Polish deputy prime minister (and the de facto head of Poland’s governing PiS party), Jarosław Kaczyński, late last year introduced a homeland defense bill to more than double the number of Polish service personnel from the current 110,000 to 250,000, plus 50,000 reservists. If reached, this would give Poland one of the largest armed forces in Europe, by personnel, with only France, Greece, Italy, and Turkey topping that number.

The proposal also creates a new military branch, the Cyberdefense Forces, and includes provisions for the Polish military to purchase high-capability defense equipment made in the US and in Europe.

In one sense, the announcement was unsurprising. Central Europe has been a dangerous place historically and Poland’s neighbors have more than once wiped it from the map. In recent years, the increasingly bellicose behavior of the old enemy, Russia, has made clear to most politicians that the threat is real. Indeed, the 2017 decision to raise defense expenditure to at least 2.5% of gross domestic product (GDP) by 2030 (well above the NATO target of 2%) was supported across much of the political spectrum. The plan allowed for the purchase of advanced kit, including 32 F-35 combat aircraft, Patriot missile systems, new submarines, and frigates for the Baltic Sea, plus the personnel to crew them.

The new expenditure commitment came from Polish Defense Minister Marius Blaszczak in late October. He stated that a special financial vehicle, the Armed Forces Support Fund, would finance the expansion, with money furnished through government-secured bonds. This funding system is outside the normal budgetary funding process and has been criticized by the national auditor as lacking in transparency. It was initially used to combat the economic fallout from the covid pandemic — bonds are issued by the Polish national development bank (Bank Gospodarstwa Krajowego, BGK) and the state fund (Polski Fund Rozwoju, PFR), both secured by the state. The coronavirus produced a clear and urgent crisis, language that the armed forces bill supporters want to adopt, but which opposition says is over-hyped and unnecessary.

World Bank data shows that Poland’s military expenditure at 2.22% of GDP is now higher than it has been since 1994, when the country was paring back its Warsaw Pact-era forces. That puts it in the small and exclusive European NATO 2% club: Estonia, Latvia, Lithuania, Romania, France, and the UK are also members.

Poland may not be one of the big three European defense powers (France, Germany, and the UK), but its rising expenditure and determination to take the issue seriously is unarguable. Not only it is raising defense spending as a share of government outlays, but the country’s economy has grown sixfold since 1990: As Poland’s economy expands, even a static GDP commitment buys more.

That answers at least one of the questions raised by the government’s ambitious plans — are they affordable? The response would appear to be a cautious yes. The question as to whether the spending is needed has been answered for many Poles by history and by Russia’s menacing president. National security is not a game for Poland. On the same credit side of the ledger, it’s also worth noting that Poland is setting a good example to older NATO members like Belgium (1.1%), Germany (1.4%), and Italy (1.6%.)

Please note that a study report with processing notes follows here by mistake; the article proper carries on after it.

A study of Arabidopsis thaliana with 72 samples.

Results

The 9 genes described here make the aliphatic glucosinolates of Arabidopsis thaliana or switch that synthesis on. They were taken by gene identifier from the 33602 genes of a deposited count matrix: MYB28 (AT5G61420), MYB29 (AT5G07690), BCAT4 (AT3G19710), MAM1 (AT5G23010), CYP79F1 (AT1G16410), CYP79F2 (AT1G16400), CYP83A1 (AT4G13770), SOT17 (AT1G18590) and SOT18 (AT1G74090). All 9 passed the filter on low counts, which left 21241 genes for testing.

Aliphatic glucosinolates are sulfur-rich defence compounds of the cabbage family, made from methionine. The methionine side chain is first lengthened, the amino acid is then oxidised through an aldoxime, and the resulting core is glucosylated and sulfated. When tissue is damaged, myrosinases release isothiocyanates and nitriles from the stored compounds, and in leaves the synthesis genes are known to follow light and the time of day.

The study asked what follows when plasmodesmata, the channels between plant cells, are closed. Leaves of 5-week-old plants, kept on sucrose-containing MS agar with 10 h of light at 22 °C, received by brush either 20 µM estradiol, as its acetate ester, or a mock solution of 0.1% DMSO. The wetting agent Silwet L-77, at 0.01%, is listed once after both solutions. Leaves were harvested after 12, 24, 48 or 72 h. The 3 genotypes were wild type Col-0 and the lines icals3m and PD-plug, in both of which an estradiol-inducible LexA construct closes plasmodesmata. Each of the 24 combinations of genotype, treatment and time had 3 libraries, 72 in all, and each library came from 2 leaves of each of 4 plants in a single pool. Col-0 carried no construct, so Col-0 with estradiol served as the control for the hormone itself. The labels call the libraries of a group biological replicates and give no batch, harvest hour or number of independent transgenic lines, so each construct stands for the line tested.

But there are other issues to confront, like political opposition. Although non-governmental parties supported the 2017 increase, the opposition has been more critical this time. While the PiS coalition has a slight advantage over the opposition in the Sejm (226-224), the opposition has a slight majority over the PiS coalition in the Senat (52-48).

Critics say that not only is the bill financially ill-considered, but that PiS purged the Polish military of many high-ranking officers and slowed the modernization of the armed forces. After all, it is one thing to have a growing budget and another to spend it wisely (As an excellent report from Polityka Insight makes it plain, the only investment that was started and finalized between 2014-19 was the purchase of five Boeing VIP jets.)

Even more seriously, a large-scale military exercise last year is reported to have raised troubling issues. The drill, named Zima-20 (Winter-20), exposed the strategy of fighting east of the River Wisła (Vistula.) Even using all the newly purchased equipment scheduled for deployment by 2030, the Polish armed forces were unable to hold out for the target of 22 days. Russian forces would have been outside Warsaw in just four days and would secure a complete victory on day five. The Polish air force and navy would have been destroyed (notwithstanding support from NATO.) The exercise was said to have included complaints by some field officers that orders from above were incomprehensible.

Poland has much to consider. Russian forces have spent much of the past year massing close to Ukraine, the failures of the Belarusian dictatorship have drawn it ever closer to the Kremlin and to the possible permanent deployment of Russian forces on Poland’s border, and the Lukashenka regime’s use of developing world migrants has exposed the country to hybrid warfare.

Kaczyński quoted the old Roman adage when recommending the government’s plans: “If you want peace, prepare for war” and then added a more modern rider. “It is better to be safe and a little bit more in debt.”

Cordelia Buchanan Ponczek is a Clarendon Scholar and doctoral candidate at the University of Oxford, where she is researching public-private investment into extractive industries.